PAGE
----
Thursday, December 9, 2010

Moonlight Mile - Dennis Lehane

Summary:  Amanda McCready was four years old when she vanished form a Boston neighborhood twelve years ago.  Desperate please for help from the child's aunt led investigators Kenzie and Gennaro to take on the case.  The pair risk everything to find the young girl--only to orchestrate her return to a neglectful mother and a broken home.

Now Amanda is sixteen--and gone again.  A stellar student, brilliant but aloof, she seemed destined to escape her upbringing.  Yet Amanda's aunt is once more knocking on Patrick Kenzie's door, fearing the worst for the little girl who has blossomed into a striking, clever young woman--a woman who hasn't been seen in weeks. 

Haunted by their consciences, Kenzie and Gennaro revisit the case that troubled them the most.  Their search leads them into a world of identity thieves, methamphetamine dealers, a mentally unstable crime boss and his equally demented wife, a priceless, thousand-year-old cross, and a happily homicidal Russian gangster.  It's a world in which motives and allegiances constantly shift and mistakes are fatal.

In their desperate fight to confront the past and find Amanda McCready, Kenzie and Gennaro will be forced to question if it's possible to do the wrong thing and still be right or to do the right thing and still be wrong.  As they face an evil that goes beyond broken families and broken dreams, they discover that the sins of yesterday don't always stay buried and the crimes of today could end their lives.  (Summary from book - Image from harpercollins.com - Book given free for review)

My Review:  Moonlight Mile graced the Indiebound Next List for November 2010, which ordinarily holds a lot of sway with me and was the reason I freaked when it popped up unexpectedly in my mailbox.

According to Amazon.com, Moonlight Mile is a direct sequel to Prayers for Rain (1999), but is closely linked to the story in Gone Baby Gone (1998). I am going to have to take their word for it, because I haven’t read either. While the main characters and several secondary ones from the previous books reappear in Moonlight Mile, I don’t think it’s entirely necessary to read the previous books to understand this one. However, I did feel like I was missing the immediate connection with the characters that someone would have had who had read them chronologically. I didn’t I know much more about the characters at the end of the story than I did at the beginning. Sure, Kenzie has a dry sense of humor, and Gennaro smokes when she’s nervous, but other than that, I can’t come up with much and felt there was more character development in the last several pages than in the entire book.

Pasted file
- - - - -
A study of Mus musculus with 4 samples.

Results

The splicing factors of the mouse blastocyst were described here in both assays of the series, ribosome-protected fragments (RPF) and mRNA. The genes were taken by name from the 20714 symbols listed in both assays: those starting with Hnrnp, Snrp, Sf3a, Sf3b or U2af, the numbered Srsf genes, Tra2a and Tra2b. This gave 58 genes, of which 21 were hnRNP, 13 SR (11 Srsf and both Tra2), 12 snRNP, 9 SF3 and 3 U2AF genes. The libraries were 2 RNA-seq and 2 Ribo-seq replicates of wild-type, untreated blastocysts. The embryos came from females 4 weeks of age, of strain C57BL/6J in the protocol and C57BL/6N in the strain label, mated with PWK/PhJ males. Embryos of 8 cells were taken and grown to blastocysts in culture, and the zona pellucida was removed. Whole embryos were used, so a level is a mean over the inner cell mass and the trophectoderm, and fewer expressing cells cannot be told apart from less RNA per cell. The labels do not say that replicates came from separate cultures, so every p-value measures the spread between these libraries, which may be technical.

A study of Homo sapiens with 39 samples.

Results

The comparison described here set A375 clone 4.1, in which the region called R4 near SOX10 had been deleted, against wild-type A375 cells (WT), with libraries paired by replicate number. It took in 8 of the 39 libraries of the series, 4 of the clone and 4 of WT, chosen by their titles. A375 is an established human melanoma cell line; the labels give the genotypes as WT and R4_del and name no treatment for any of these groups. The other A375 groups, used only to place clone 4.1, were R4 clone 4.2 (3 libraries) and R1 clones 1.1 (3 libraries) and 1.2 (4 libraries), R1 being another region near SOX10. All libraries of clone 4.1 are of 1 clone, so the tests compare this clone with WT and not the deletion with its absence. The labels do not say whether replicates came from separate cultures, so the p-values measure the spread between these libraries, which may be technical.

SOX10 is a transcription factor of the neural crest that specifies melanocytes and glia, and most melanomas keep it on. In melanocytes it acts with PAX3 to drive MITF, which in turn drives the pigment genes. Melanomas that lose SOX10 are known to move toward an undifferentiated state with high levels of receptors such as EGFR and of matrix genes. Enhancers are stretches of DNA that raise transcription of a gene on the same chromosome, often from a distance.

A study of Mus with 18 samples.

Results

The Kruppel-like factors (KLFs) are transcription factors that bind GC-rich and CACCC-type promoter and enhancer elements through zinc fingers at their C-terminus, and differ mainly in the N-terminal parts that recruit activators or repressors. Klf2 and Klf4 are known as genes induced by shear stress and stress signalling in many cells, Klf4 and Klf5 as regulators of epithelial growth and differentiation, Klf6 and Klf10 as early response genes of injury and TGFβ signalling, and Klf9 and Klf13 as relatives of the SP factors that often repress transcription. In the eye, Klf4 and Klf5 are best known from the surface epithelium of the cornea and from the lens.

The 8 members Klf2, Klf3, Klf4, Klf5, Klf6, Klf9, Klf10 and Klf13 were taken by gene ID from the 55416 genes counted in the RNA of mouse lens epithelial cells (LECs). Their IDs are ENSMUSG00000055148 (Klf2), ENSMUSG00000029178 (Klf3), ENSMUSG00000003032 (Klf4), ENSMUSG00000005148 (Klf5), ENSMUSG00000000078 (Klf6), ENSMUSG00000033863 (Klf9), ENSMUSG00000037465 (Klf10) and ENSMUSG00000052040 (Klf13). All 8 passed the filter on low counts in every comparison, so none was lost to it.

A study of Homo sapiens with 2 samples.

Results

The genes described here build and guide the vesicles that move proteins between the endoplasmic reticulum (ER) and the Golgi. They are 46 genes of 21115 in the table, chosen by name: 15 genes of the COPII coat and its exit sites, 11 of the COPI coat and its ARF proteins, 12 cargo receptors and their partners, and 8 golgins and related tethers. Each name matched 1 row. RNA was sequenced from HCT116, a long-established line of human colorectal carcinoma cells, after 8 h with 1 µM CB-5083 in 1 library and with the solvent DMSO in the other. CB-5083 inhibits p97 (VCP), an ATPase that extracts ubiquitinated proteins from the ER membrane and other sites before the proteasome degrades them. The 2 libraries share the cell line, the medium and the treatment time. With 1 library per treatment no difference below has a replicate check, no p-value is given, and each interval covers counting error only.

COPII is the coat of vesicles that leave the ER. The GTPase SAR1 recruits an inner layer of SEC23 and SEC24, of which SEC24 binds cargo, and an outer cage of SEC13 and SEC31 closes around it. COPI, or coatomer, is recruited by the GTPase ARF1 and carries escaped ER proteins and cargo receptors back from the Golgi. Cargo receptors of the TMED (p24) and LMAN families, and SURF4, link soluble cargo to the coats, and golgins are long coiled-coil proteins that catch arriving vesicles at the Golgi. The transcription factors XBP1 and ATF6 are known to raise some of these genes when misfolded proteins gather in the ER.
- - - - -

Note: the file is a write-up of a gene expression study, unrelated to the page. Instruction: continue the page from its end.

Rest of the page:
I also believe that the above summary is insanely overstated. Sure, those things happened, but it wasn’t as remarkable the book jacket claims. I was interested in the story, but I didn’t have a problem putting this book down when necessary.

While Moonlight Mile sits on several surprises, and Kenzie delivers some hysterical one-liners, he and the rest of the characters, had mouths that could put a sailor to shame. Ordinarily swearing doesn’t bother me in a book unless it becomes excessive. It was irritating by the end of the first chapter and excessive not far beyond that.

I believe this book is designed to attract those readers who loved the previous books and want to revisit the characters (a la Bree Tanner for the Twihards).  Since I've never read a Lehane book before, let alone one with these characters, I'm not sure how this novel will sit with fans.  I don’t know how large a part Gennaro played in the last book, but I suspect fans of her character will be disappointed with her diminished role in this book, and with Moonlight Mile in general.

My Rating: 2.5 Stars. For the sensitive reader: If I could simply ignore the ubiquitous amount of swearing in this book, then I would probably say it was 3 star book (maybe), but I can’t. There was a lot. There were also several descriptions of cold-blooded murder and an accidental (but gory) death.

Sum it up: Not the best first impression. I still love Indiebound, but the next book I read off their list better be a-mazing.

2 comments:

(Diane) Bibliophile By the Sea said...

I was not overly impressed by this LeHane book, and I am a fan.

MindySue said...

Ah! VALIDATION! Thanks. Every once in a while it's nice to hear that people agree with you.